18 Scientific Reasons Why the Work Week Should Be Shorter

Posted on 2nd Feb, 2017 by Barbara Davidson

The amount of hours we put in at work each week is based on 1920s ideals. Machines are able to do more and more of the tasks we used to do, yet our working week stays the same. Surely there are good reasons to shorten the amount of time we spend in the office?

Well, now is the time to be bold and take your schedule into your own hands. There is, in fact, plenty of evidence that working fewer hours each week will be good for you and your boss. We know that having more control over your own schedule results in less sick leave. In one test, nurses who switched to six-hour working days took half as much time off for illness as those on eight-hour shifts. Good news for the boss!

And for yourself, shorter hours mean more time for family, relationships and hobbies. You’ll have more energy for work, which makes you more likely to achieve your ambitions and a sense of fulfillment.

Our new infographic identifies 18 pieces of evidence that support a shift to a shorter working week. From health to happiness to productivity, at the very least it shows that we need to rethink our work patterns as soon as possible.

Perhaps you’ll share it with your boss, or think about what you can do to change the way you work. Shorter hours mean better business — and a better way of life.

Widrich, L. (2016). The Origin of the 8-Hour Work Day and Why We Should Rethink It. blog.bufferapp.com.
Rogers, K. Henry Ford Announces 5 Day Work Week. worldhistoryproject.org.
Greenfield, R. The Six-Hour Workday Works in Europe. What About America? bloomberg.com
Virtanen, M. (2012). Overtime Work as a Predictor of Major Depressive Episode: A 5-Year Follow-Up of the Whitehall II Study. journals.plos.org
Kivimäki, M. et al. (2015). Long working hours and risk of coronary heart disease and stroke: a systematic review and meta-analysis of published and unpublished data for 603 838 individuals. thelancet.com.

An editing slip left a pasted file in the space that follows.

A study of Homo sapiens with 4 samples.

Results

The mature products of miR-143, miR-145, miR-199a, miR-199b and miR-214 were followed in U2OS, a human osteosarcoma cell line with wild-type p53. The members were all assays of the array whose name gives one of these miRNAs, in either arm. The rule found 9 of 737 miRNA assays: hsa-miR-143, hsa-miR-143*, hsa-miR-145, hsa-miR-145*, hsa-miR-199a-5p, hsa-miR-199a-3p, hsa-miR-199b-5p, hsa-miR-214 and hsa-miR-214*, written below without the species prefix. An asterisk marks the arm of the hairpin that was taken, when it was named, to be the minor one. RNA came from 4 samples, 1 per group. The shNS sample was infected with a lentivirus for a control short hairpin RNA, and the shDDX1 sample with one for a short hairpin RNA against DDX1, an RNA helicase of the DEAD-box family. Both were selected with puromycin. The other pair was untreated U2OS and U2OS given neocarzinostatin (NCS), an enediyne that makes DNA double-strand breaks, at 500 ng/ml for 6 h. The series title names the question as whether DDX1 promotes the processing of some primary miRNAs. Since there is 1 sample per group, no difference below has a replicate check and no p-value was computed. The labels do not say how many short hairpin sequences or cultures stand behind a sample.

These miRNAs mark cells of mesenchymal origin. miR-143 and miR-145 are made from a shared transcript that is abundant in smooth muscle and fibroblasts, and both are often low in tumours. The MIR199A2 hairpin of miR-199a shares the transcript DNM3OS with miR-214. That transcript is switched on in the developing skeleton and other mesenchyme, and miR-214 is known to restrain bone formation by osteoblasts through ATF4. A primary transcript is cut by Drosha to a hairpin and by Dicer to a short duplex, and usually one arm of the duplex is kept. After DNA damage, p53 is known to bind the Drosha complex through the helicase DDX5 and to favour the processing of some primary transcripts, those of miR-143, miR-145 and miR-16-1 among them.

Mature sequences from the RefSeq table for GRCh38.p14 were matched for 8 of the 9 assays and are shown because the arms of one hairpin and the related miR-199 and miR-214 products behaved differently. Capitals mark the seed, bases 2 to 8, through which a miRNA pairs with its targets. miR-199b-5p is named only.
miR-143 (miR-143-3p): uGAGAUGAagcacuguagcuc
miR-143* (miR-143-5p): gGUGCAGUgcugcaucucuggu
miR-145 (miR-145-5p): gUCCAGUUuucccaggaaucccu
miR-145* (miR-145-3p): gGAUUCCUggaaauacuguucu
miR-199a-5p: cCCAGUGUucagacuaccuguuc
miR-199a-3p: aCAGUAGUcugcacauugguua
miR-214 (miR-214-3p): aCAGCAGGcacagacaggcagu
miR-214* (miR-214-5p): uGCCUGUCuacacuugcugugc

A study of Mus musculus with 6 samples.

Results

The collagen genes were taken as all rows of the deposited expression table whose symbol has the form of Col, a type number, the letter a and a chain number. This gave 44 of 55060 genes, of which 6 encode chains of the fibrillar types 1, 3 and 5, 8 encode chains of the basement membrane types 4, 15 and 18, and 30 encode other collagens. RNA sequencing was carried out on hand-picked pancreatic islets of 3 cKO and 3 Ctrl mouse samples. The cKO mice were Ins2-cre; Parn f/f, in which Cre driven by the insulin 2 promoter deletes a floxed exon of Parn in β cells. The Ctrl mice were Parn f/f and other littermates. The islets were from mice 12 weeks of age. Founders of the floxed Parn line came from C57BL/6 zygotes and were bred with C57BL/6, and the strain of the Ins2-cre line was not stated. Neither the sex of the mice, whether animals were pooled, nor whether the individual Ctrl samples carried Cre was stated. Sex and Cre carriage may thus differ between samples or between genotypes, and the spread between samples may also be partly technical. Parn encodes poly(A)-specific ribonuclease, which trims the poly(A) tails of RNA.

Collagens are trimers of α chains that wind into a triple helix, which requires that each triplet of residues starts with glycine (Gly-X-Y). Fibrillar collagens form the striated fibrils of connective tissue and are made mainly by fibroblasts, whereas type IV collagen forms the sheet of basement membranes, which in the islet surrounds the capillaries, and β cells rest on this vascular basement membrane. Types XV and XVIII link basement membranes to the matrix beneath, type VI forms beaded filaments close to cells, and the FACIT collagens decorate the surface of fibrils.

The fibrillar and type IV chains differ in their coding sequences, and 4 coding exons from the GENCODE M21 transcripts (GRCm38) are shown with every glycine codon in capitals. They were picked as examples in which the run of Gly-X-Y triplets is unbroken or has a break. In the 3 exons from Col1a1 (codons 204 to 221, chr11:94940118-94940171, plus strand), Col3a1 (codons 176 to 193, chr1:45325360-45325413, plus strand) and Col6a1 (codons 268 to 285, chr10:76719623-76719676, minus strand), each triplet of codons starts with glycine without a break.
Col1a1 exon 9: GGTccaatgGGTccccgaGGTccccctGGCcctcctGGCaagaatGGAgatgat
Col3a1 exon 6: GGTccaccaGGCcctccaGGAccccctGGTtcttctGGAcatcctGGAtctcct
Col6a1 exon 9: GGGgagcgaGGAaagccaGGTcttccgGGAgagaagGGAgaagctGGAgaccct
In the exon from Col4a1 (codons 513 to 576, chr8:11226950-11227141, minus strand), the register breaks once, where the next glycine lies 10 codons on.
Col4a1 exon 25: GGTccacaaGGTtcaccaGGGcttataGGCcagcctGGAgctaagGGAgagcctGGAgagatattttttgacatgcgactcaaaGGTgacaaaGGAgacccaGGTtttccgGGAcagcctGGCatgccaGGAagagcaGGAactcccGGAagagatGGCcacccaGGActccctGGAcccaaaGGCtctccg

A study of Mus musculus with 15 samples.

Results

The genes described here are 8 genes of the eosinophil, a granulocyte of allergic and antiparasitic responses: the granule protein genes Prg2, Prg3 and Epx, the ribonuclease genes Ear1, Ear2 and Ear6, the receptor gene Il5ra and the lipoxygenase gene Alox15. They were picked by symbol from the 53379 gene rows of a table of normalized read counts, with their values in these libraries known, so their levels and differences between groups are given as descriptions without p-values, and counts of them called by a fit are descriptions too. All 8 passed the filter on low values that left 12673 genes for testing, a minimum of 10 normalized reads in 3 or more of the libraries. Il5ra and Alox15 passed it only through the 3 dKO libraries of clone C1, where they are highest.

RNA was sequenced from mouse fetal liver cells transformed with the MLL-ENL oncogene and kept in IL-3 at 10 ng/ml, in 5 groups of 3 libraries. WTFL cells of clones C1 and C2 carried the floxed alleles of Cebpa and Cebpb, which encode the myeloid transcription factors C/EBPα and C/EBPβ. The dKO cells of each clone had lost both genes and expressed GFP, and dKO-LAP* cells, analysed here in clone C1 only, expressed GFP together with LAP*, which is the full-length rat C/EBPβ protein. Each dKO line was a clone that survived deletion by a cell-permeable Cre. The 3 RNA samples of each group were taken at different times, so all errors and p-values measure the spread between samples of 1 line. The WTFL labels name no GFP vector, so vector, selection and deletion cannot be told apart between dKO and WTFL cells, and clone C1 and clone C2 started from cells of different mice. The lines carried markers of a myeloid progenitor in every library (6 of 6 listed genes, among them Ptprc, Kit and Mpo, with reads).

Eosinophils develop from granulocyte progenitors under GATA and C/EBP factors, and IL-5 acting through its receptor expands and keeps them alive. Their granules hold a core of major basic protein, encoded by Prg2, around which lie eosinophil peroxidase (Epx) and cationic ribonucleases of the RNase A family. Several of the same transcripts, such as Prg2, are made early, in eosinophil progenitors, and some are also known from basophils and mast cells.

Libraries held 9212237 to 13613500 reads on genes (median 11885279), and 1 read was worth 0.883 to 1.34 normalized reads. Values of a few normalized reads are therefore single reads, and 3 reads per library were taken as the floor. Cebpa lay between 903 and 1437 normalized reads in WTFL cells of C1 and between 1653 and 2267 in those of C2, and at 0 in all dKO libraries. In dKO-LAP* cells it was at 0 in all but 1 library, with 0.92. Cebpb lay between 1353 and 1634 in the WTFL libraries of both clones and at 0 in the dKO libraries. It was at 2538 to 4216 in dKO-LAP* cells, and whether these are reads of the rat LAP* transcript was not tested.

Schor, J. (2010). Sustainable work schedules for all. blogs.worldwatch.org.
Ruhm, C. (2006). Macroeconomic Conditions, Health and Government Policy. npc.umich.edu.
The Economist (2013). Get a life. economist.com
Dishman, L. (2012). Unlimited vacation doesn’t create slackers – it ensures productivity. fastcompany.com
Alderman, L. (2016). In Sweden, an experiment turns shorter workdays into bigger gains. nytimes.com
Peterson, K. (2014). Is it time for a four-day workweek? cbsnews.com.
Family and Work Institute. (2013). 2013 Guide to Bold New Ideas for Making Work Work. familiesandwork.org.
Tang, C. and MacDermid Wadsworth, S. (2008). Time and workplace flexibility. familiesandwork.org
American Psychological Association. (2015). Work-Life Survey. apaexcellence.org
Love, J. (2012). The Case for a Four-Day Work Week. inc.com

About Barbara Davidson

Babs is Lead Content Strategist and financial guru. She loves exploring fresh ways to save more and enjoy life on a budget! When she’s not writing, you’ll find her binge-watching musicals, reading in the (sporadic) Chicago sunshine and discovering great new places to eat. Accio, tacos!